Agriculture and the Natural World
This is an exploration of agriculture and how it relates to the environment.  Whether you call it agroecology or eco-agriculture or permaculture these all offer alternative approaches to industrial agriculture that are far more sustainable. This page will highlight good, bad and neutral news related to environmental, economical and socially sustainable agriculture.  
Curated by Darin Hoagland


Via Rick Passo
Darin Hoagland's insight:

Facinating, attractive and delicious idea explored through academic study.


http://www.aila.org.au/lapapers/papers/transform/docs/Zuenert.pdf

The Next Trend In Landscape Design: Foodscapes

http://www.sustainablebusiness.com/index.cfm/go/news.display/id/25081# ;

 

As food security becomes a bigger issue, landscape designers are being encouraged to change their focus from aesthetics to edible fruits and vegetables.

Dubbed "Aesthetic Foodscape Design," it asks designers to look beyond aesthetics, which usually consists of ornamental plants to those that can also bring food sources to the center of their practice.  

Food security is a very real concern around the world, so why doesn't it feature more prominently in the landscapes spreading over our public spaces and civic properties, asks Joshua Zeunert, a member of the Australian Institute of Landscape Architects who is a big proponent of this idea.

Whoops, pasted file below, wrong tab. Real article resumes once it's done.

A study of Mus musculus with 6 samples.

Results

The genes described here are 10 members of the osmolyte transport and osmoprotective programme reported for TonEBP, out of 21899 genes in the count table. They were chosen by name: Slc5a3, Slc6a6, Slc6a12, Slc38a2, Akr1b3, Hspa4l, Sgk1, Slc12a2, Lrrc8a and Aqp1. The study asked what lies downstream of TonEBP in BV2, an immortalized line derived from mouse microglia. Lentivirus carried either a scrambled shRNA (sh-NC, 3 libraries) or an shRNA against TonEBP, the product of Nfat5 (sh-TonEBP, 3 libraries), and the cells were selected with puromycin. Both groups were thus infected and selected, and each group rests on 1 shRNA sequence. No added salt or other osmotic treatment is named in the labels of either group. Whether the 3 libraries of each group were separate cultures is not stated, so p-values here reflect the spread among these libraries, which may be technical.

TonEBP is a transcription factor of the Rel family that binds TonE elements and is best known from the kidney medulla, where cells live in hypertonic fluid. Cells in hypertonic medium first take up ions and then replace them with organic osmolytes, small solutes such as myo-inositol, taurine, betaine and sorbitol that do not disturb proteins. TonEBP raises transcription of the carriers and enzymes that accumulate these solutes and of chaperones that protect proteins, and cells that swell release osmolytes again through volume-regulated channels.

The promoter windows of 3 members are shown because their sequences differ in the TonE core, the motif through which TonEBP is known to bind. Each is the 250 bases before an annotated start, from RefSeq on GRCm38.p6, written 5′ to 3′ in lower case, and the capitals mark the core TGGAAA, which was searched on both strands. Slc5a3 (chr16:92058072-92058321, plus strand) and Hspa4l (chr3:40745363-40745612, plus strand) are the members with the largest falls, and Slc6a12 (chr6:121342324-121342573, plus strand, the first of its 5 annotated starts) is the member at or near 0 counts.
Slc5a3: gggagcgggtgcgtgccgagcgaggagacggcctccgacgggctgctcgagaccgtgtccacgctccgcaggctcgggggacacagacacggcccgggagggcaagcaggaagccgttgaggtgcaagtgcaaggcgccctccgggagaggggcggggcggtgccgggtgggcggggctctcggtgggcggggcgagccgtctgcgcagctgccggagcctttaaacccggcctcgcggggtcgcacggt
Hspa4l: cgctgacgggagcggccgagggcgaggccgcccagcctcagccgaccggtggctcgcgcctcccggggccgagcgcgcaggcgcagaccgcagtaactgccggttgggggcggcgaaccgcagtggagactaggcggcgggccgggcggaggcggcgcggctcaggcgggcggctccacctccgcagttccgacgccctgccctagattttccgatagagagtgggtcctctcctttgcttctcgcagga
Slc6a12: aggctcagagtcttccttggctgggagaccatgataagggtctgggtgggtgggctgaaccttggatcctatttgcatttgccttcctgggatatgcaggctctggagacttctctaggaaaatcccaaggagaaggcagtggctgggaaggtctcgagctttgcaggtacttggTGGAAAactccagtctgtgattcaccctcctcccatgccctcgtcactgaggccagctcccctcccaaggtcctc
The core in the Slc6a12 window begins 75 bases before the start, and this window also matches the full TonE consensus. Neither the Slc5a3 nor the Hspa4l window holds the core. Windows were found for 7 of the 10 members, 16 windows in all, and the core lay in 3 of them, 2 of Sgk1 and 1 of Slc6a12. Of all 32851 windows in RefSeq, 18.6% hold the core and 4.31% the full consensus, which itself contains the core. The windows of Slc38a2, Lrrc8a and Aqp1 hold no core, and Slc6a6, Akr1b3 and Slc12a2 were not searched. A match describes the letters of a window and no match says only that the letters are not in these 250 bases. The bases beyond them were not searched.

Rescooped by Darin Hoagland from 100 Acre Wood

Living Fences: How-To, Advantages and Tips - Modern Homesteading - MOTHER EARTH NEWS | Agriculture and the Natural World | Scoop.it

Your first choice for such a multifunctional homestead necessity may be manufactured fencing: woven or electric wire, welded livestock panels, boards on pressure-treated posts, or even virgin or recycled plastic. As the energy and environmental crises deepen, however, such options are becoming less appealing and more expensive. The chemical preservatives, paints and galvanizing agents used in fence manufacturing and maintenance may have toxic spillover effects in the environment. Furthermore, most manufactured fencing is a “one for one” solution. A woven wire fence meant to contain livestock, for example, provides that service and nothing more. The key to a more self-sufficient homestead that imitates natural systems is finding solutions that simultaneously solve more than one problem, provide more than one service and support more than one project. Enter living fences. Read more: http://www.motherearthnews.com/homesteading-and-livestock/living-fences-z10m0sto.aspx#ixzz2Xv2ZmfKE


Via David Rowing
Darin Hoagland's insight:

Think hedgerows instead of artificial fencing.